With help from us, these neighbours are re-building their community.

Hotel Lake is home to a unique Pacific Coast subspecies of the Western Painted turtle (Chrysemys picta bellii). These turtles can live to well over 30 years — if they can get through their infancy that is.  Hatchlings are left completely on their own to survive the journey from nest to lake, avoiding hungry predators and dealing with the results of human activities which include water pollution and the infilling and erosion of fragile riparian zones.


This subspecies of turtle reproduces less often than painted turtles in other regions - although they lay plenty of eggs when they do. The eggs hatch in the fall and the hatchlings usually spend the winter hibernating in their nest chamber and emerge the following spring. During that time the eggs are vulnerable to raccoons, skunks, coyotes, otters, mink, squirrels, various bird species and domestic cats and dogs.  The predation rate can be as high as 90%. Young western painted turtles feed mainly on tadpoles, insects, crayfish and snails, graduating to bigger prey like fish and frogs as they get older. To give them the energy they need for foraging and mating, these turtles will bask in the sun several times a day to raise their temperature.  Adult turtles overwinter within the soft, muddy bottoms of lakes and wetlands and emerge when the water temperature reaches 6 degrees Celsius.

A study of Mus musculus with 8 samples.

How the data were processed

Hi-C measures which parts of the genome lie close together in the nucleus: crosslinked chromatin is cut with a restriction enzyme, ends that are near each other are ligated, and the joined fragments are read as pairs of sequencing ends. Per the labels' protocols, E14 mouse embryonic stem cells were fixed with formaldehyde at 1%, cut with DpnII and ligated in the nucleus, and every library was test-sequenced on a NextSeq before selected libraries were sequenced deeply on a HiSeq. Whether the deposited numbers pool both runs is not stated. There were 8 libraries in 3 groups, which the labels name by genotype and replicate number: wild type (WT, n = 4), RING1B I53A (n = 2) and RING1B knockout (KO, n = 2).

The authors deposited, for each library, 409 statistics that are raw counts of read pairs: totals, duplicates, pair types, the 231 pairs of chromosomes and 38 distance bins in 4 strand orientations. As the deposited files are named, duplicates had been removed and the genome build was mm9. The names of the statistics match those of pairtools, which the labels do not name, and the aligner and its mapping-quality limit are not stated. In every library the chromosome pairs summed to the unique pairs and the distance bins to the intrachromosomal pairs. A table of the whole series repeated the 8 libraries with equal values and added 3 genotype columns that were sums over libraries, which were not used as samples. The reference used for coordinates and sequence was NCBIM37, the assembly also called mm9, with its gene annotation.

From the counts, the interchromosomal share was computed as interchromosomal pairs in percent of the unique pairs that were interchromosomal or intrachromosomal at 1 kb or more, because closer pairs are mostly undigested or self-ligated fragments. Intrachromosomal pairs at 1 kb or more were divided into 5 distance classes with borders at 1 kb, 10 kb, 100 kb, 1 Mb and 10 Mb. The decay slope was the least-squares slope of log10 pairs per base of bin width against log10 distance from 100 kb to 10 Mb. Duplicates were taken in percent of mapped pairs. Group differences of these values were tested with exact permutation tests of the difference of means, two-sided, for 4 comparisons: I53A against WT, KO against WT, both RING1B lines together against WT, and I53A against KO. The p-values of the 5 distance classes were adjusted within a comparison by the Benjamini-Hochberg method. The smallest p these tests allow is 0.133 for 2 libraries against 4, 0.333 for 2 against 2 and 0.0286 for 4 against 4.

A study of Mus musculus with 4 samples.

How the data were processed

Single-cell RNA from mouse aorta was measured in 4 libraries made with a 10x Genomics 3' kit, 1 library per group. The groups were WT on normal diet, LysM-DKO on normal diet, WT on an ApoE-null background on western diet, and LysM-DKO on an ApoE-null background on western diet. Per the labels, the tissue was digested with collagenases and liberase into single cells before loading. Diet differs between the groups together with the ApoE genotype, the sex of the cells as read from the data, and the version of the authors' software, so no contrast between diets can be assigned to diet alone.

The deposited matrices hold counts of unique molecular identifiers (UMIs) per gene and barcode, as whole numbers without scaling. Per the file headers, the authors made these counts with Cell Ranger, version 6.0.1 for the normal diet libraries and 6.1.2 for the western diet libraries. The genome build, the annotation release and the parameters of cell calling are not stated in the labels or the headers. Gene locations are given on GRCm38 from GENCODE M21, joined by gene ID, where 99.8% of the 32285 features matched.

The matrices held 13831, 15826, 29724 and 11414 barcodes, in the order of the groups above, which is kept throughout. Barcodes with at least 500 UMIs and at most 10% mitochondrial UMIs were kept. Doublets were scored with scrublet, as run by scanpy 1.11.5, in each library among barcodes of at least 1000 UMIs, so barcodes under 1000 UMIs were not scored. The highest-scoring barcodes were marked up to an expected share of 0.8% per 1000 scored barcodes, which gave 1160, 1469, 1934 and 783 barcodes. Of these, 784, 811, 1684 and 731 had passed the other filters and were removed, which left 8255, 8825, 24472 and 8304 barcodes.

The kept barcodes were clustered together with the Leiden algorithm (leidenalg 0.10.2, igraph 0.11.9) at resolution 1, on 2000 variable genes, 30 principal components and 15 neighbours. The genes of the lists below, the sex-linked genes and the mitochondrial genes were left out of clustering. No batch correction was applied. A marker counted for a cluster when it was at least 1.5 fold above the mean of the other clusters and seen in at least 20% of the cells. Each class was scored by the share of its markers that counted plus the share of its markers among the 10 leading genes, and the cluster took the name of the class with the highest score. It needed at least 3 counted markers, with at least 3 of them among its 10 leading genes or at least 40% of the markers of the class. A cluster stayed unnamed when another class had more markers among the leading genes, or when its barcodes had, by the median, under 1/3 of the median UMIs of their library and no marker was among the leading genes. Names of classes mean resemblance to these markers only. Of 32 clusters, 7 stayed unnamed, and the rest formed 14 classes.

This species and its regional population are listed under the Federal Species At Risk Act (SARA) and may be subject to protections under the BC Wildlife Act. Habitat for this species may also be governed under provincial and federal regulations including the Fish Protection Act and Federal Fisheries Act as well as Regional and local municipal bylaws.  


Hotel Lake currently has one manufactured nesting beach on private property built and monitored by the Sunshine Coast Wildlife Project.  This beach has seen significant turtle nesting activity, hatchlings and consistent sightings of multiple turtles basking on nearby logs. 

Turtles are an important part of the lakes ecosystem and need our protection. Be aware of your activities in and around the lake. Avoid interacting with turtles especially near their nesting sites, and when they are basking on logs or along the shoreline. Remember, you are visiting their home.  Please be respectful. 


In August 2021 traps appeared on Hotel Lake. These were well labeled with an explanation that they were for a "turtle population survey".  And here is one of the wonderful folks from Sunshine Coast Wildlife Project on the job.  With so much care and attention, our population of Painted Turtles will hopefully thrive if we all take time to learn more ourselves.